Sunday, April 5, 2009

How do children cope with disappointment?

Princess went to a gym competition on Sunday. She didn't win anything. She was all storm clouds and winter despite the sun being most dazzling outside. Not winning is ok, I told her. "Not after all the hours I put in," she says. "You don't know what it feels like, it makes you feel like you are not worth anything!"

I felt sad seeing all her internal turmoil. I tried to recall how I used to cope as a child. I was never a top student. Friends cried when they got 80% in their tests. I laughed out of sheer happiness, for getting 55%, especially in Math. I had my strenghts, but math was not one of them. I can't remember sheer disappointment except for when I missed out on promotions every year for 5 consecutive years at the NSTP, where I used to work. Why not? I was a star reporter, with many good scoops. After a while, I left and found success elsewhere. And oh, yes, there were two other disappointments in my life I will always remember -- not being chosen to perform in a dance at Chinese school, and not making it to the badminton team!

I told Princess that wining is not everything. Needless to say, my words might as well been thrown out as garbage. There were more tears about how just having something to show for all the hard hours she put into gym would have been nice. It went on for a while. Time will heal this disappointment. I am sure it will.

It is hard. Dealing with non-success. But children need to learn that success is not defined by medals or certificates. Yes, these external forms of gratuity are all welcomed as endorsement of what one has done right. Sometimes a little failure can help a child feel empathy for those who have never won a medal or any certificate. Sometimes it is good for a child to know there will always be someone better prepared, or luckier on that day.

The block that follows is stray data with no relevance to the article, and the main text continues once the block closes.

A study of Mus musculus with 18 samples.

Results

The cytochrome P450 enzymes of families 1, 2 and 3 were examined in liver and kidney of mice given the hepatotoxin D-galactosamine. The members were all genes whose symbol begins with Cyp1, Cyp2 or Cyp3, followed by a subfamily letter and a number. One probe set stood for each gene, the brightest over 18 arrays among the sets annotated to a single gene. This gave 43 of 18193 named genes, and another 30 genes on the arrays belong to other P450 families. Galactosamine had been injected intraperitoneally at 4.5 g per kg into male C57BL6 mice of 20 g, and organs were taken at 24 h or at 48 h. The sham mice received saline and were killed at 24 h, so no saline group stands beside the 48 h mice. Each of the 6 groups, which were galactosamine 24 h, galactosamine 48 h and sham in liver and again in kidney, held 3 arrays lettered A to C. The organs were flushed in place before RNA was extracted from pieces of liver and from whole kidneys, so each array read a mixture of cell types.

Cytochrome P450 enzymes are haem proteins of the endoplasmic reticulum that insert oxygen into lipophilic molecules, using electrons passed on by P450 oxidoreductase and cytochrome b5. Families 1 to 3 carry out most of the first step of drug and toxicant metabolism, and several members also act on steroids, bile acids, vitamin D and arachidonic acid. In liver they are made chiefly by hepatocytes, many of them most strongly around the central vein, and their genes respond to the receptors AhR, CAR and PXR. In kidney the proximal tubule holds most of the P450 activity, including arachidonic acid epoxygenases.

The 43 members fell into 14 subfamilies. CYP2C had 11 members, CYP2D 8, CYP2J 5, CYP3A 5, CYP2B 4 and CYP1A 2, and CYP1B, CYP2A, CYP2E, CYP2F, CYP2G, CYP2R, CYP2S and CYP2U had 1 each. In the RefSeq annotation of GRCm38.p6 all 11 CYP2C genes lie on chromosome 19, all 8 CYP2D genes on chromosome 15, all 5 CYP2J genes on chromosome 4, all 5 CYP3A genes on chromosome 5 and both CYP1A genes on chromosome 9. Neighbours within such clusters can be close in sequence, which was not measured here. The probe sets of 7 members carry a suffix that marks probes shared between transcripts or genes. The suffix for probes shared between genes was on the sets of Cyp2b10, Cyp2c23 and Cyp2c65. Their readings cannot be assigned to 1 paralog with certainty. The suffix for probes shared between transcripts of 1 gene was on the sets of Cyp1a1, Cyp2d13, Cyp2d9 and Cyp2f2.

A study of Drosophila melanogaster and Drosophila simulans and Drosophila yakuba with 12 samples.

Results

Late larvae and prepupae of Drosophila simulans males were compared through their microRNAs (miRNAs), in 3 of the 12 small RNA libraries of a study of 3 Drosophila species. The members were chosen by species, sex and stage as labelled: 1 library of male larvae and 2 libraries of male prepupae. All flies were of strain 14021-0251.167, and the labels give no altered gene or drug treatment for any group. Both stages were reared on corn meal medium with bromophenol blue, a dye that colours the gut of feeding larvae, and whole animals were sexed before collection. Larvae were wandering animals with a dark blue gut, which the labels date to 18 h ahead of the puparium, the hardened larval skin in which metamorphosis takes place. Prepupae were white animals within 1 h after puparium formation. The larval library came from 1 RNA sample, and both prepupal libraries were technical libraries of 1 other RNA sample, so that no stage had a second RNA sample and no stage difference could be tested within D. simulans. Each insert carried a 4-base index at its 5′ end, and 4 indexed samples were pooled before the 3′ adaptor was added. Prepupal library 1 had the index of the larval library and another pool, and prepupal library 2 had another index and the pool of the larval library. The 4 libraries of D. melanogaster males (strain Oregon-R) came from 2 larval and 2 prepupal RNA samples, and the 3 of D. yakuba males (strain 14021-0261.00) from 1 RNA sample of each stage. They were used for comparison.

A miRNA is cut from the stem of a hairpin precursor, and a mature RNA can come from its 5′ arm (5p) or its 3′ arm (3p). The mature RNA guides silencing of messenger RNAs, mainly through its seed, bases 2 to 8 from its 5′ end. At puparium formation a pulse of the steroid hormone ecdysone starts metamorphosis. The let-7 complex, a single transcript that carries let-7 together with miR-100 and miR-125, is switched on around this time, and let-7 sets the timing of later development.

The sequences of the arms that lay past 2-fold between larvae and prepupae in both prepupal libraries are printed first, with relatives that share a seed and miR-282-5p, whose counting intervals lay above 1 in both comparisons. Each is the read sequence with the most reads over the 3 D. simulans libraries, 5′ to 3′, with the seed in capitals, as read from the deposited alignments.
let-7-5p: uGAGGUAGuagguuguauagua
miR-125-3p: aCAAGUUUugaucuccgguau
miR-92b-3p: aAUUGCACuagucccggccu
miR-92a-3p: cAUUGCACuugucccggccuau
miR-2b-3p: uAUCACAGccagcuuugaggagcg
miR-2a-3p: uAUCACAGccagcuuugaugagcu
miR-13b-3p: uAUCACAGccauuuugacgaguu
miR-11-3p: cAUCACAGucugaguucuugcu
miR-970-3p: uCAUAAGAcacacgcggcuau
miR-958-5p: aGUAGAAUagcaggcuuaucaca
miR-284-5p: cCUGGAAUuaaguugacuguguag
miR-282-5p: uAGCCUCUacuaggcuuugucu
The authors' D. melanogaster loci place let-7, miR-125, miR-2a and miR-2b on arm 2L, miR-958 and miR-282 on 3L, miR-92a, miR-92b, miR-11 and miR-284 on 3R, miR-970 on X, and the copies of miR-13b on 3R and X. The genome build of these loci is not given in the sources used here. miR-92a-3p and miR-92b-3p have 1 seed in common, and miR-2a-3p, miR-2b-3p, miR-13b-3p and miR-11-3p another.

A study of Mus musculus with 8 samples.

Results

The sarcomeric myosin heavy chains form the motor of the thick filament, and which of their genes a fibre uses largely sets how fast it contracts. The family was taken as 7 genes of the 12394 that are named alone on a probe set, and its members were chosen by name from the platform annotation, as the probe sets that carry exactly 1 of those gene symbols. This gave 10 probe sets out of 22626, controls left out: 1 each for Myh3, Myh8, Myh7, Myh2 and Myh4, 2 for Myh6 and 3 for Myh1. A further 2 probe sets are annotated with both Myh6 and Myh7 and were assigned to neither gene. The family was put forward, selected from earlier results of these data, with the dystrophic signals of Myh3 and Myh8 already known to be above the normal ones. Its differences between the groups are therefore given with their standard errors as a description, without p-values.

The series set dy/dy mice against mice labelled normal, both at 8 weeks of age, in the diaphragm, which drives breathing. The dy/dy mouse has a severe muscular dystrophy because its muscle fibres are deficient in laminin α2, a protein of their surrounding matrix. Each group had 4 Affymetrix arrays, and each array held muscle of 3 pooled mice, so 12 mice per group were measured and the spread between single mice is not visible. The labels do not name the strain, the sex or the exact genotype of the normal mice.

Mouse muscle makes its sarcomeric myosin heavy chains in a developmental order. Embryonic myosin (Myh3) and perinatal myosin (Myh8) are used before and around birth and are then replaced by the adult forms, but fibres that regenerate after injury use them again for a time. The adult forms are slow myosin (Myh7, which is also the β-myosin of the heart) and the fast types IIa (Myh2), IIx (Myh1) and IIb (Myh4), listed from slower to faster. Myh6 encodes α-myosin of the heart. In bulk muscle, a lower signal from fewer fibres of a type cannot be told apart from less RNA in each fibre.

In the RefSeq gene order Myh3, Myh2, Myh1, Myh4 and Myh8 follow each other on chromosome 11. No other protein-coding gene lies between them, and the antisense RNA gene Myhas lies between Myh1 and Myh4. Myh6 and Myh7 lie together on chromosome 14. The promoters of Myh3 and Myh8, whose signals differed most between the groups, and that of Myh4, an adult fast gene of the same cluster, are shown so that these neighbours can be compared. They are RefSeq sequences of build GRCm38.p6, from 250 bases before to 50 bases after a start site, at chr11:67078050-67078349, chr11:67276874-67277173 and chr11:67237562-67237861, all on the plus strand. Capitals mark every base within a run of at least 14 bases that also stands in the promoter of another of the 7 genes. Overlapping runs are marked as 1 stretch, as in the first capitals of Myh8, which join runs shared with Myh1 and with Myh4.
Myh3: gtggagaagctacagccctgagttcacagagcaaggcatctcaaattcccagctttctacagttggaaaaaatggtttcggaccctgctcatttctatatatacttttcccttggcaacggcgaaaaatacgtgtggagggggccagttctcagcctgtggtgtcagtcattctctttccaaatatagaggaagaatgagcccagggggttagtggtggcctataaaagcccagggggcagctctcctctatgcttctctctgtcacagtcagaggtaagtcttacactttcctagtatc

I want Princess to succeed. But how can or should I help define for her "success" that is not measured by "goldstars" in school or "Distinctions" or "Excellent" or cups and medals? I don't really have the answers. All I could say was enjoy the experience of exercising but that went whoosh!

Princess is already highly successful by my definition. Obviouly my standards are much lower than her own. She aims high and demands great things of herself -- in sports, in school. Me? I just want her to stay happy and healthy.

If you have interesting stories to share about how you have helped your child cope with not succeedin, share your tale?


  1. Tell her that she is already a star and no matter what the others get eg medals and prizes pale in comparison to what she has achieved......... always tell my 'goose' at home that she should be more like Princess........... try your best n dont give up..... :)


  2. Looks like your princess is a high-achiever and thats good too. She will have to keep on trying and dont give up because one day the medals will go her way. Steve has always been telling his 'boo' he doesnt want him to give up, to keep trying, do his best and to have fun while at it.

    The part of not winning now is an experience and when wining the medal will also be an experience.

  3. Thanks folks for your encouraging words for Princess. It took a while to get over her disappointment but she is determined to attend the holiday gym programme to improve!

    I agree that part of the experience is coping with defeat and not victory -- it expands a child's range of emotions!

  4. This problem may stem from all the certificates and prizes the kids get when they are in primary school - mostly earned for simply turning up.

    Then they leave primary school and the certificates and mindless praise don't arrive. But already their minds have been programmed to believe that they only achieve if they win.

    Add to this is parents - in front of their kids - going on and on and on about how wonderful, beautiful, smart blah, blah, blah their kids are.

    As the child grows up they realise that they aren't the best artist, athlete or brain in the school, the parents continue to rave about their kids, the kids stop listening to the praise as they realise it all means nothing.

    Praise/rewards should not be their motivation for action.

    Princess however doesn’t seem to want our praise, she just wants to win for herself – is this self motivation?

  5. Definitely - Princess is more motivated than either her dad or me. How else can you explain hours of practising at home on her beam routine, her other routines? How else can you explain turning up for 4.5 hours of gym training? Kudos to her...

    I agree all these praises mean nothing...but kids need some positive reinforcement. Other times we need to be brutal and honest. Welcome to the real worl I would say!


Hi, I welcome your say on the matter!